Handle Challenging Audiences With Grace and Authority

(733 words)

How can you maintain control of your business presentation, even with difficult listeners, distractions, and interruptions?  To develop and demonstrate poise, authority, and flexibility, you can apply strategies that actors use when they are speaking publicly.

Here are some challenging situations and effective solutions that will help you project a polished and professional image with challenging audiences.

  • The distracting side conversation (audience members talk among themselves):  If two people are involved in conversation and it is causing a distraction, move close to the two people whenever possible and pause without looking at them.  This will cause them to notice the silence and look up and stop talking.  Do not stare at them, ask them to share something with the group, or ask them to be quiet!
  • Argument or conflict between two or more audience members (you are interrupted):  When this happens, summarize both sides, and try to physically move between the people.  Say something like, “Both points are very interesting and perhaps we can discuss them later to review them.”   Don’t let the conflict take your presentation away from you; don’t let anyone “upstage” you.  Do focus on the issues, not on personalities.
  • Audience objections to your message (you hear skeptical/ critical comments or questions that may or may not be hostile):  No matter what an audience member says, stay calm!  Actors and experienced speaker treats audience skepticism as a desire on the listeners’ part to be heard/acknowledged or to hear more evidence.  Do not take this as a threat or challenge, and do not take it personally.  Do the following:
    • Paraphrase the question/objection. Say, “So you are saying…:  Say, “I can see how you might believe that.  Others have expressed that reservation.”
    • If it is a “why” question, rephrase it as a “how” question.
    • Give a concise, factual, and relevant response.
    • Continue the presentation: Invite the questioner to discuss the issue at a later moment.

    Move on gracefully and with conviction. Remember what Ethel Merman said:  “If the audience could do what I’m doing, they would be the ones up here on the stage, instead of me.”

  • Some audience members will simply not accept a speaker’s message.  They may just be stubborn people or have another agenda.  Don’t try to convince everyone of everything.  You cannot, because some people never see a different side of things.  If you have agreement/understanding from most of the audience, causally move on.  Spending too much energy on one person can damage your rapport with the rest of the audience.
  • If audience members ask questions that are not objections:
    • Where the answer can be brief, answer the question briefly
    • Where the answer would be complex, tell the questions that there will be some time after the presentation when you can respond in depth.

Finally, you should expect there to be a certain number of questions during a presentation and certainly during the Q & A Session.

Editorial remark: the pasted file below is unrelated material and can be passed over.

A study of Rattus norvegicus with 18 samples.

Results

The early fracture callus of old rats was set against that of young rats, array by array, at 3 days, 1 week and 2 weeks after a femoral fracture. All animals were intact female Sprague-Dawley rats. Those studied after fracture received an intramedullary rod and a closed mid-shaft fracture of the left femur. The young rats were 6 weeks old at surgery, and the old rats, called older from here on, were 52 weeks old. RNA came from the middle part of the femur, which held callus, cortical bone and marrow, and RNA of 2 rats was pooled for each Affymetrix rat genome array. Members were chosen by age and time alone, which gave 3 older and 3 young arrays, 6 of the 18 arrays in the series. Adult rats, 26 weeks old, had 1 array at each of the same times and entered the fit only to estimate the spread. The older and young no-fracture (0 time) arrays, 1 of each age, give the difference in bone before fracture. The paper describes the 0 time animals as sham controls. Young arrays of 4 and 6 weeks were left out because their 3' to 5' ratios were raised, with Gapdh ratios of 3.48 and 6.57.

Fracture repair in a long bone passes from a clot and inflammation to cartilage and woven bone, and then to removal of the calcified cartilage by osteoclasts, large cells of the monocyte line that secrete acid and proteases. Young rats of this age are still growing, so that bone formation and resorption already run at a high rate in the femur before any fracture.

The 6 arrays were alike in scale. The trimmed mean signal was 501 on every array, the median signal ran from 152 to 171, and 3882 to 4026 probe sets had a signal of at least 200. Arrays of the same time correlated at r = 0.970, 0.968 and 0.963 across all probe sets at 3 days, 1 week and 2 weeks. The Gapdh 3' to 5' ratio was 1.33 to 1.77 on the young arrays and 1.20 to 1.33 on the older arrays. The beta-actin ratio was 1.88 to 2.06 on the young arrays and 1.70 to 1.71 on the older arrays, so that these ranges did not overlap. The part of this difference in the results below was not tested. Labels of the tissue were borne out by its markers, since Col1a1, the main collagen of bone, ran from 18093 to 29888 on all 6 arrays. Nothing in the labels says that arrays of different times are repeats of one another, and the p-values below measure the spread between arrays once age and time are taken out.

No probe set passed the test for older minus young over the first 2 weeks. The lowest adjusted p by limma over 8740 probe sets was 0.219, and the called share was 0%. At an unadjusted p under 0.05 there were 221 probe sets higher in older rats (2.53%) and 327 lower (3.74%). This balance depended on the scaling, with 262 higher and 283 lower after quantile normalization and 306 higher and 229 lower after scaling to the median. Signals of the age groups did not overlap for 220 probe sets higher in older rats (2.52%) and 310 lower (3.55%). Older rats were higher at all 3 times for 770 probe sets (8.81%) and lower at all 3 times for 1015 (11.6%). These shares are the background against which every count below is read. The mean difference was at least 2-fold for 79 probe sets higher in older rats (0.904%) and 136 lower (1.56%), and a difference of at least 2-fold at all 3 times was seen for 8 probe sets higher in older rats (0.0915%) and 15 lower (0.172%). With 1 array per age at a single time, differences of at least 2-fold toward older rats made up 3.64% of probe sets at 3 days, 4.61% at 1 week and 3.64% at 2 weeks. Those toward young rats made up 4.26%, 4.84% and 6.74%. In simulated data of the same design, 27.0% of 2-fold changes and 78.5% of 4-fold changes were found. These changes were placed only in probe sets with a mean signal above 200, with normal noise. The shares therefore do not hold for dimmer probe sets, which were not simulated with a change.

If the answer to a question is brief, briefly answer.  If the answer would truly be complex, tell the questioner that there will be some time at the end of the presentation when you will be able to respond in depth.

Make sure that you are always “reading” your audience.  This involves listening to them and watching them carefully.  It is a skill that good stage actors and stand-up comedians cultivate.  The reason is obvious:  when we understand something about the listeners’ mood or emotional state, we are better able to respond appropriately in the moment in a way that will enhance communication and listener engagement.

You can use your voice, body language, and even your content in an improvisational way:  ways that you did not plan but which allow you to speak authentically and respond to the unexpected events which often pop up in the course of a presentation.  Your delivery and timing can serve the moment at hand.

Eye contact is particularly helpful in this regard.  The more you speak in front of groups, the easier it becomes to make eye contact.  The ability to pay attention to the audience in a relaxed way is a key factor in becoming flexible:  flexible enough to say things that were unplanned and even discard parts of your presentation that you previously thought would be appropriate or even great.

Listening to and making eye contact with audience members are the most powerful tools available to understand the listener’ mood and respond effectively.

Slow down enough to take real notice of your listeners!

Use these strategies to project grace and authority with challenging audiences, and enhance your credibility and professional image!

Copyright © 2013-2015 Maria Guida

Maria Guida  is an executive speaking coach/trainer, professional speaker, and Broadway actress.  With her experience on stage, TV and film (working with Paul Newman, James Earl Jones, and  Kevin Kline), she helps savvy executives in all industries enhance their credibility and generate business by speaking with poise, passion, and persuasive power.  Delighted clients include American Express, JPMorgan Chase, and Johnson & Johnson.  Maria travels extensively to deliver interactive and entertaining keynotes and workshops.  She can be reached at 718-884-2282 and maria@successfulspeakerinc.com; or visit www.successfulspeakerinc.com.